Thank God the Parents Weren't Anal Cunt Fans
You thought Ricky Bobby naming his kids "Walker" and "Texas Ranger" in Talladega Nights was preposterous? The idea of Borat calling his son Hooeylewis seem too farfetched? Well, truth has proven itself stranger than fiction once again -- there is a real, honest-to-goodness baby named "Metallica" living in the world. A Swedish couple threw the baby-name books away and burdened their now 7-month-old daughter (funny, we always thought of Metallica as a boy's name) with the handle. Not a nickname, but a real, on-the-birth-certificate name. Authorities in Sweden, according to Swedish newspaper The Local, tried to save the kid from a life of ridicule. The Swedish Tax Board ruled that Metallica was not an "appropriate" name (which held up procedures like getting the child a passport), but the family fought it in court and won. The Tax Board appealed, but they recently dropped it, meaning li'l Metallica Tomaro keeps her moniker. For our next child, if it's a boy, Grand Funk Railroad ("Grand Funk Railroad, you get in this house right now!" has a great ring to it). If it's a girl, Starland Vocal Band.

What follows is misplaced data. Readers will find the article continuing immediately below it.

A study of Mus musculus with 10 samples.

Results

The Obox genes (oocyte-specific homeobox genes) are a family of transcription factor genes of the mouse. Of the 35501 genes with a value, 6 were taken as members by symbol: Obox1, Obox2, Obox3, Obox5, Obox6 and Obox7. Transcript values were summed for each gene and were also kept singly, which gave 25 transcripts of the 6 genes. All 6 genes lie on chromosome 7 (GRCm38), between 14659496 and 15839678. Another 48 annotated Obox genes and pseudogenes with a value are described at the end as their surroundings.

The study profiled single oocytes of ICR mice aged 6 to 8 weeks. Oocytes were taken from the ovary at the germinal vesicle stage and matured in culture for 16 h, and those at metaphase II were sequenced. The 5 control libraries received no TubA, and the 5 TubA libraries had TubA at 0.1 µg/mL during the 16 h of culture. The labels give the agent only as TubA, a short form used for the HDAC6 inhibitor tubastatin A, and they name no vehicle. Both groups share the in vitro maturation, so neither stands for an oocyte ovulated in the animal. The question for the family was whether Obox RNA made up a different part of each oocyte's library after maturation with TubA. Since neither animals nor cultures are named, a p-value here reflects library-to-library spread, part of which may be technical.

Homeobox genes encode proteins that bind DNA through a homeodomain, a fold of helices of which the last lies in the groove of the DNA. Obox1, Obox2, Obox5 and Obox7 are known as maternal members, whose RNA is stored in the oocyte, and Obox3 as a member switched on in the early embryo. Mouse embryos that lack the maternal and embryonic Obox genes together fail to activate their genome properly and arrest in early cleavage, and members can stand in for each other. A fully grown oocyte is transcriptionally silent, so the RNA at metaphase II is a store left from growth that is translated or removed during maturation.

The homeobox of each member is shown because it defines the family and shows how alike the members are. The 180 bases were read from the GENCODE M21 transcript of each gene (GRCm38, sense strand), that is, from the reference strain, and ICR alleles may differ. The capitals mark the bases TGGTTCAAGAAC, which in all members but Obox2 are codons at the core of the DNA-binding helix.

Oprah's Street Cred Continues to Plummet
Mainstream rappers can sometimes be less than ideal spokespeople for the music.
"Mr. Brownstone": Mass Murder Anthem?!
Is there another "negative cultural impact" connection within the tragedy at Virginia Tech? Despite the clear "mental problems galore" factor, reporters seemed desperate to connect violent video games and movies with the case. But did music play a role? One of the "plays" the disturbed gunman wrote was called Mr. Brownstone, also the name of a Guns N' Roses song. The play touches on the lyrics of the song, but in the story Mr. Brownstone is the name of the teacher the main characters are plotting to murder. Any GNR listener with a brain knows the track is a not-so-thinly-veiled song about heroin addiction. The shooter's other play was called Richard McBeef -- a tribute to Ray Kroc? Uh-oh, ban McDonald's! Like the older cases from the '80s, where Metal artists like Judas Priest and Ozzy Osbourne were blamed and taken to court for inspiring young fans to commit suicide, this is another instance of misguided interpretation. The cultural police need to consider this when they lambaste Rap music and violent movies and video games -- a young, confused mind can derive "meaning" (right or wrong) from anything.